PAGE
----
Sometimes, you just want a fast paced small game with a lot of action. Set in the time of the gladiators who have to fight for their life, that is exactly what Gorus Maximus can bring you. With a theme like this and the cards and box covered in blood, we were very curious to see how this trick-taking card game would turn out.
How to Play.
There are four variants to play which all have their own set up. Since we have player with two players the most, I will go over the rules of the two player variant. In Gorus Maximus, you approach the owners of a couple of gladiator schools to recruit their strongest gladiators so you can host the Exceptionally Bloody Games. With two players, this would mean three schools would participate. Pick three colors and take all the cards with numbers 0 and 4 – 12 on it. This would give you 30 cards. Shuffle the cards and deal ten cards to each player. Place the remaining deck facedown on the table.
The game is played in a series of rounds while you try to gain the crowds support. Each round consists of battles or ’bouts’ until the cards from the deck run out. A bout is simple. Each player plays a card from their hand and compares the result. In a two player game, after placing a card, you also draw a new card from the deck. The card with the highest number, is the most powerful gladiator and defeats the other card. There is only one exception. The first player that plays a card from their hand, will make that school preferred by the crowd. Meaning that if the player plays a gladiator from the yellow school for example, the crowd will cheer the most for the yellow school. In gameplay this means that yellow will defeat any other color even if the number of the card is lower until another color is preferred. You can track which color is the preferred color with the preferred school card and tracker. At the start of each round, the preferred color will be set, but this will carry trough the entire round, bout after bout, until the preferred color is changed.
If you have a card in your hand from the preferred school, you have to play this card even if it has a number you rather don’t play on the table. If you have multiple cards of the preferred color, you can choose what card you want to play. If you don’t have a card of the preferred color, you can challenge another player by playing a card from another color with the same number. If the first player plays a yellow six for example, you can challenge that player by playing a blue six. Blue will then be the new preferred color. If you don’t want to challenge a player, you can simply play a card from another color. beware that you will lose the round as the preferred color will win over any color.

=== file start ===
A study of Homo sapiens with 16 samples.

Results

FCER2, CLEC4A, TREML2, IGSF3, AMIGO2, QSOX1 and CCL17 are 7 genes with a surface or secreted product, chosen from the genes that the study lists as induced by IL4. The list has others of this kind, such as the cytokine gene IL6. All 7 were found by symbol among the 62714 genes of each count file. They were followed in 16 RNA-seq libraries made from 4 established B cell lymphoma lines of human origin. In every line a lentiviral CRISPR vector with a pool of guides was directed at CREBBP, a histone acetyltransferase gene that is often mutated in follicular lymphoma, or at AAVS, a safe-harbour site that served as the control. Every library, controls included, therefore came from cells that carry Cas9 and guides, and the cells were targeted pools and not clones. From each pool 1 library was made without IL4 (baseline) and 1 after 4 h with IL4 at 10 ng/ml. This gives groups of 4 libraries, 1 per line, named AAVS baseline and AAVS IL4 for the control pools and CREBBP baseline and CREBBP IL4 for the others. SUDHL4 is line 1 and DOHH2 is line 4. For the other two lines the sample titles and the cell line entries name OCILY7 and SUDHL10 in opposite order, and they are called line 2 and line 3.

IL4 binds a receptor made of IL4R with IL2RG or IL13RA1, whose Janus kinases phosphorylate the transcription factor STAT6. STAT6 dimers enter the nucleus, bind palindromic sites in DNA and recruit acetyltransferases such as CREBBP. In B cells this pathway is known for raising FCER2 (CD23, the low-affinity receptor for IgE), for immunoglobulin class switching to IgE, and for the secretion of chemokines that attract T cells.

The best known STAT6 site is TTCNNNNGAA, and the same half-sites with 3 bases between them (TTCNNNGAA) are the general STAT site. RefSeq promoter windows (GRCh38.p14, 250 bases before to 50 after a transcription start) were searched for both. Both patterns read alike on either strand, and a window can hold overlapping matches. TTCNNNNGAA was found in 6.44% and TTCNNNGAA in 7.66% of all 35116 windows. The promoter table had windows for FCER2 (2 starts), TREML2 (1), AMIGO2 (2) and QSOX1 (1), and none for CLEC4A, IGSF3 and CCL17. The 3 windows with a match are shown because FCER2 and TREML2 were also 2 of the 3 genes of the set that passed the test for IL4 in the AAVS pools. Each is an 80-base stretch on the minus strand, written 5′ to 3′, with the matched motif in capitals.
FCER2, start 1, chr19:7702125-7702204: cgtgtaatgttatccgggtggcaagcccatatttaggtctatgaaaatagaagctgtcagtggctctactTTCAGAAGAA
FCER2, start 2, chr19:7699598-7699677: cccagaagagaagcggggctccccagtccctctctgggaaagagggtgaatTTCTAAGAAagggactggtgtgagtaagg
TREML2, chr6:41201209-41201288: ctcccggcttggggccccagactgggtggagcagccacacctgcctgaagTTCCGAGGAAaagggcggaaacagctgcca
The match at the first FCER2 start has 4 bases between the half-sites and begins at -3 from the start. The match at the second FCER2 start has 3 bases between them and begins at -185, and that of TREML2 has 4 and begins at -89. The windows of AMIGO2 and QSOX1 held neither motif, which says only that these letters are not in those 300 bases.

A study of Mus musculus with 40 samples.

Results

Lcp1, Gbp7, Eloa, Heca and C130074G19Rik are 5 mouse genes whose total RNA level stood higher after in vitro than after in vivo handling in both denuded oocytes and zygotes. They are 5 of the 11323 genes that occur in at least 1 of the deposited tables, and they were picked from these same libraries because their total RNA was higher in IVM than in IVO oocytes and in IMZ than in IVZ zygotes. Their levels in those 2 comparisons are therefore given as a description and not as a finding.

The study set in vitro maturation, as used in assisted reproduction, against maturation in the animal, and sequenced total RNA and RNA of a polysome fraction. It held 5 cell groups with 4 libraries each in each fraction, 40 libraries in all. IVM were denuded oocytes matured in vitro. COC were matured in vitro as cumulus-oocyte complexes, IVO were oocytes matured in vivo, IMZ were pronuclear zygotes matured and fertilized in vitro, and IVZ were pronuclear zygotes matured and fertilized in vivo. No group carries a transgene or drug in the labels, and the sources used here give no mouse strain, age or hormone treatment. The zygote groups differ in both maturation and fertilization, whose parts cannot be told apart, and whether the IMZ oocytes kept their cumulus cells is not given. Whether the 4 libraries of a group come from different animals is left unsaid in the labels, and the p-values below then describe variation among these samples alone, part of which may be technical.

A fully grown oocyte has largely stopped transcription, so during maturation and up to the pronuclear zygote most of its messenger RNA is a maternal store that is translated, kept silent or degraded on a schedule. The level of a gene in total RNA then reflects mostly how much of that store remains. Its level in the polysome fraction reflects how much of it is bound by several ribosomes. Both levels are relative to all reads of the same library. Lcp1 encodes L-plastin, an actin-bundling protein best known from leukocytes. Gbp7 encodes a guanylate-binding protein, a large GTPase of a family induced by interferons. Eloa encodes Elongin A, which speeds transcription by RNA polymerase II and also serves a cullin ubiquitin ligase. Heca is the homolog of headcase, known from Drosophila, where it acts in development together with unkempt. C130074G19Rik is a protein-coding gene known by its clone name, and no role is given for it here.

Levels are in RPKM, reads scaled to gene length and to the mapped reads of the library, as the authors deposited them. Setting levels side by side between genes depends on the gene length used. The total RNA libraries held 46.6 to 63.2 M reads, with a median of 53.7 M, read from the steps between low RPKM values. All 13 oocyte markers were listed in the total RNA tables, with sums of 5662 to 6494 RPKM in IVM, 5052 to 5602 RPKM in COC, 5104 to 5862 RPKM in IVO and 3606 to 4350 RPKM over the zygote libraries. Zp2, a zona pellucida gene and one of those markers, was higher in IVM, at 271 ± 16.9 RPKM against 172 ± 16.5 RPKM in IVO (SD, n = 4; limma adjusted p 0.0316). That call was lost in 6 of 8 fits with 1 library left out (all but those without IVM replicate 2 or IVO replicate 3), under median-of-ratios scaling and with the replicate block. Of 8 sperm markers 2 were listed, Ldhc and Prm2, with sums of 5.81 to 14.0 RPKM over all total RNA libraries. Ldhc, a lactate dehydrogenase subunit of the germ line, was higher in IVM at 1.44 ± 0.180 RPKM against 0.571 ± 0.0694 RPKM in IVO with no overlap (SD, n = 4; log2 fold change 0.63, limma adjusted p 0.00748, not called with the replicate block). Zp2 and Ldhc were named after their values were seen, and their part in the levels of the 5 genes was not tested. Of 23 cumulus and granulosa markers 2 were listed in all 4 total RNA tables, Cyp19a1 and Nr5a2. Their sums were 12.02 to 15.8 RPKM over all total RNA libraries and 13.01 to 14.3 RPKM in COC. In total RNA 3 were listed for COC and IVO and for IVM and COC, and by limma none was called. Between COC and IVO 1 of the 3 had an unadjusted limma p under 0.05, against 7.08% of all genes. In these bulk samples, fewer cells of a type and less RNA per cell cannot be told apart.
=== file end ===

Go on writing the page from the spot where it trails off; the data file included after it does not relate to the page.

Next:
If you win a bout, take the gladiator cards from the bout and place it facedown in front of you. If you run out of cards to take, the round ends with one last turn to play. After that, the cards you have collected from won bouts, will be place faceup and you can compare them with other players. The player who has the most crowd favor value (the bottom left number), will win the crowds support for this round and receives the support token. The player who reaches three crowds support first, wins the game.
Playtrough of the game.
This game reminds me a lot about Uno because of this similar rules. Which is also why we were a little disappointed. Maybe we expected to much, but we had hoped that the gameplay would be a little more then it actually is.
We also had trouble with the rulebook. This game is really simple and once you know what to do, the gameplay is pretty self explanatory. But the rulebook unfortunately didn’t explain this game as simple as it is and we spend more time for a game like this to learn the rules in our opinion.
That being said, the art in this game looks awesome and we like the cartoonish style and theme. The cards also give you a good opportunity to trick your opponent as you can also have cards with -4. If you lose the battle on purpose and play the -4 card, your opponent might have played one of his best cards while getting -4 points. The game also offers a variant where you can play in teams with more players which is not that common in trick-taking card games. The games are short and easy and the box is small enough bring it along with you. If play this game with two people, it’s les fun then with more people. You can use less schools and less gladiators which means you can trick your opponent less.
Gorus Maximus is a trick-taking card game with a good theme and nice art. The rulebook can be a little tricky, but the game itself is easy and also easy to teach. The game has different variants and you can even play this in teams with 6+ people. One game of Gorus Maximus doesn’t take long and the box is easy enough to take with you. As a two player game we found this is an average card game and I must say we were a little disappointed. Maybe we were just expecting to much but we were hoping the gameplay would contain a little more. But, if you are looking for a nice party game or a short card game to play with more people. This can definitely be it.